Why a negative interest rate?


Christophe Blot and Fabien Labondance

As expected, on 5 June 2014 the European Central Bank (ECB) unleashed an arsenal of new unconventional measures. The aim is to curb deflationary tendencies in the euro zone. Among the measures announced, the ECB decided in particular to apply a negative interest rate to deposit facilities. This unprecedented step deserves an explanation.

Note that since July 2012, the rate on deposit facilities has been 0%. It now falls to -0.10%, meaning that a bank depositing cash at the ECB will have its deposit reduced by that rate. Before considering the repercussions of this measure, it is worth clarifying the role of deposit facilities. The ECB’s activity is baed on loans to credit institutions in the euro zone through the channel of main refinancing operations (MRO) or long-term refinancing operations (LTRO). Prior to the crisis, these operations were conducted at variable rates based on an auction mechanism, but since October 2008 they have been conducted at fixed rates. The refinancing operation rates must allow the ECB to influence the rate charged by credit institutions for interbank loans (Euro OverNight Index Average rates, or Eonia) and, through this channel, the entire range of bank rates and market rates. To ensure the Eonia is not too volatile, the ECB provides the banks with two facilities: credit facilities, enabling them to borrow from the ECB for a period of 24 hours, and deposit facilities, enabling them to make cash deposits with the ECB for a period of 24 hours. In case of a liquidity crisis, the banks thus have a guarantee of being able to lend or borrow via the ECB, at a higher for credit facilities or a lower rate for deposit facilities. These rates can then be used to regulate fluctuations in the Eonia, as shown in Figure 1.



In practice, until the collapse of Lehman Brothers in September 2008, banks made little use of deposit facilities, indicating that the interbank market was functioning normally. The situation has radically changed since then, and the amount of deposits left with the ECB has fluctuated to a greater or lesser extent, depending on concerns over the sovereign bond crisis (Figure 2). The height of the crisis in spring 2012 coincided with a peak in the amounts deposited by the banks, which had excess liquidity. Over a period of three months, around 800 billion euros (equivalent to just under 10% of euro zone GDP), paid at 0.25%, were deposited by Europe’s banks. In the context of fear of a euro zone collapse and uncertainty about the financial situation of financial and non-financial agents, the banks have been depositing poorly compensated sums with the ECB. They chose to do this rather than to exchange the excess liquidity in the money market or support activity by lending to companies or buying shares. It was not until Mario Draghi’s statement in July 2012 that the ECB would do “whatever it takes” to support the euro zone that confidence returned and these sums fell. It was also then that the rate went down to 0%, further reducing the incentive to use the deposit facilities. The level of deposits fell by half, from 795.2 billion euros to 386.8 billion. Since then, they have declined gradually, but are still high, especially given that they receive no interest. In the last week of May 2014, there were still 40 billion euros in deposits (Figure 2).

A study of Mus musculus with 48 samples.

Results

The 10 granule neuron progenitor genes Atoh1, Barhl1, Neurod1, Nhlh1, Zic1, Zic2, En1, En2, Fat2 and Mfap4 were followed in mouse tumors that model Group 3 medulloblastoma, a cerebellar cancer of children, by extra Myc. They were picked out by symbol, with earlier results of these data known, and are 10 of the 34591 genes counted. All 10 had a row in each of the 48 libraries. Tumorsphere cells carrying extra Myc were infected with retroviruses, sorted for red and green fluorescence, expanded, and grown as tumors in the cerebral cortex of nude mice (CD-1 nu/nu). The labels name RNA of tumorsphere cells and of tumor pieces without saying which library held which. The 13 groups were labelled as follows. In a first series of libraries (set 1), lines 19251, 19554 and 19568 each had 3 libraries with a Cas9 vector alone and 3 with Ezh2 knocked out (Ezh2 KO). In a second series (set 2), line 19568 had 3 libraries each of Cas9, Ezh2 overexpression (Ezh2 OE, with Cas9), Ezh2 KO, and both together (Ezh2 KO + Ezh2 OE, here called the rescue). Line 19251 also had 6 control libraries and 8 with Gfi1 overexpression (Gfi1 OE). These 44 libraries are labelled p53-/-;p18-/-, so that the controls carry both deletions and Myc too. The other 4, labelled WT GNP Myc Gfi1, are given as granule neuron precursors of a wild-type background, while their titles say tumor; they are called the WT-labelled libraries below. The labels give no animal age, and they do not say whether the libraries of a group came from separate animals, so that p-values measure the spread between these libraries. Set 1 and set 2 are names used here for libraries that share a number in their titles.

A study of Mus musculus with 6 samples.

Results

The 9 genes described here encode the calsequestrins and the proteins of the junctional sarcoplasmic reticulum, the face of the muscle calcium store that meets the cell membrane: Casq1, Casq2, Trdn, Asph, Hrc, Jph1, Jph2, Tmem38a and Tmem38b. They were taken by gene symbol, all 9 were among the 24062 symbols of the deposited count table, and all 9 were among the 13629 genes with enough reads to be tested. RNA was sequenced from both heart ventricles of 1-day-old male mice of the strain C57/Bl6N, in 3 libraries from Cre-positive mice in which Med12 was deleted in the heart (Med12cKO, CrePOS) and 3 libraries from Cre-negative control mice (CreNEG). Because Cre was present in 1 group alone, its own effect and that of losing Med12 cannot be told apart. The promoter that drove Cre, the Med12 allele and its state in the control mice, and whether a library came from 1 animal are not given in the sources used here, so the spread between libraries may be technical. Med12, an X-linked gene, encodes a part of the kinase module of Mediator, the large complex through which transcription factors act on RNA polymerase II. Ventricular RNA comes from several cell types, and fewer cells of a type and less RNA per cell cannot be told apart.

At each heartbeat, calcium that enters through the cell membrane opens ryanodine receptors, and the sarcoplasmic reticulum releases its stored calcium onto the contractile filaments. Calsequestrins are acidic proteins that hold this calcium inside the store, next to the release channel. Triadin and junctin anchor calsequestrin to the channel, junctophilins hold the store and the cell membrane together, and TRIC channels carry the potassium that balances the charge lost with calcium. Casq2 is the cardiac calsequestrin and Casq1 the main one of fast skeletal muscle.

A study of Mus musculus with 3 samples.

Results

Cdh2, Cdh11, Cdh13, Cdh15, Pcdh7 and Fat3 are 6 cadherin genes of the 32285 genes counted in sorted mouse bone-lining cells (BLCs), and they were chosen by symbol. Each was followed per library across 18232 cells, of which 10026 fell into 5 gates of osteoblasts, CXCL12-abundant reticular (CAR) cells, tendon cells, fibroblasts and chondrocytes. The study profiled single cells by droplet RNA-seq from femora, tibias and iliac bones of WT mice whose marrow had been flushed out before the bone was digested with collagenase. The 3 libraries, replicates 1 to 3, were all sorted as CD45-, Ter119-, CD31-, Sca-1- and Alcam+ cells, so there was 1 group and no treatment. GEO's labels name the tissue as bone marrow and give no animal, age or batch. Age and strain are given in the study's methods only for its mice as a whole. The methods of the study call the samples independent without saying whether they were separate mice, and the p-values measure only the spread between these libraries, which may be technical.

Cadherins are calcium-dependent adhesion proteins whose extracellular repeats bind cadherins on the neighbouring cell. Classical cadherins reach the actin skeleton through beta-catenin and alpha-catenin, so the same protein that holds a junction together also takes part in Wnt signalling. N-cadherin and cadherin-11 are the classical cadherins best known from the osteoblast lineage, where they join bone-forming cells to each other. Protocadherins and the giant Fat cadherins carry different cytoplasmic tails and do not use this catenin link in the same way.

This situation prompted the ECB to set a negative rate in order to encourage commercial banks to reallocate this money. We can be sure that once the negative rate applies, the level of deposits will quickly drop to zero. Even so, this will mean an impulse of only 40 billion euros, and further action will be needed to support the real economy. On its own, this step by the ECB has certainly not convinced the markets that it has dealt with the situation.

The ECB has thus once again demonstrated its proactive approach to curbing the risks facing the euro area. Its reaction can be compared to the response of Europe’s other institutions, which have struggled to fully take on board the depth of the crisis. Looking outside the euro zone, it is noteworthy that the US Federal Reserve and the Bank of England moved with greater speed, even though the risk of deflation was lower in the United States and the United Kingdom. This active approach is perhaps no stranger to the renewed growth seen in these countries. The ECB’s action is therefore welcome. Now we need to hope that it will stave off the risk of deflation hanging over the euro zone, a risk that could have been avoided if the euro zone’s governments had not generally adopted austerity policies, and if the ECB had taken less of a wait-and-see attitude.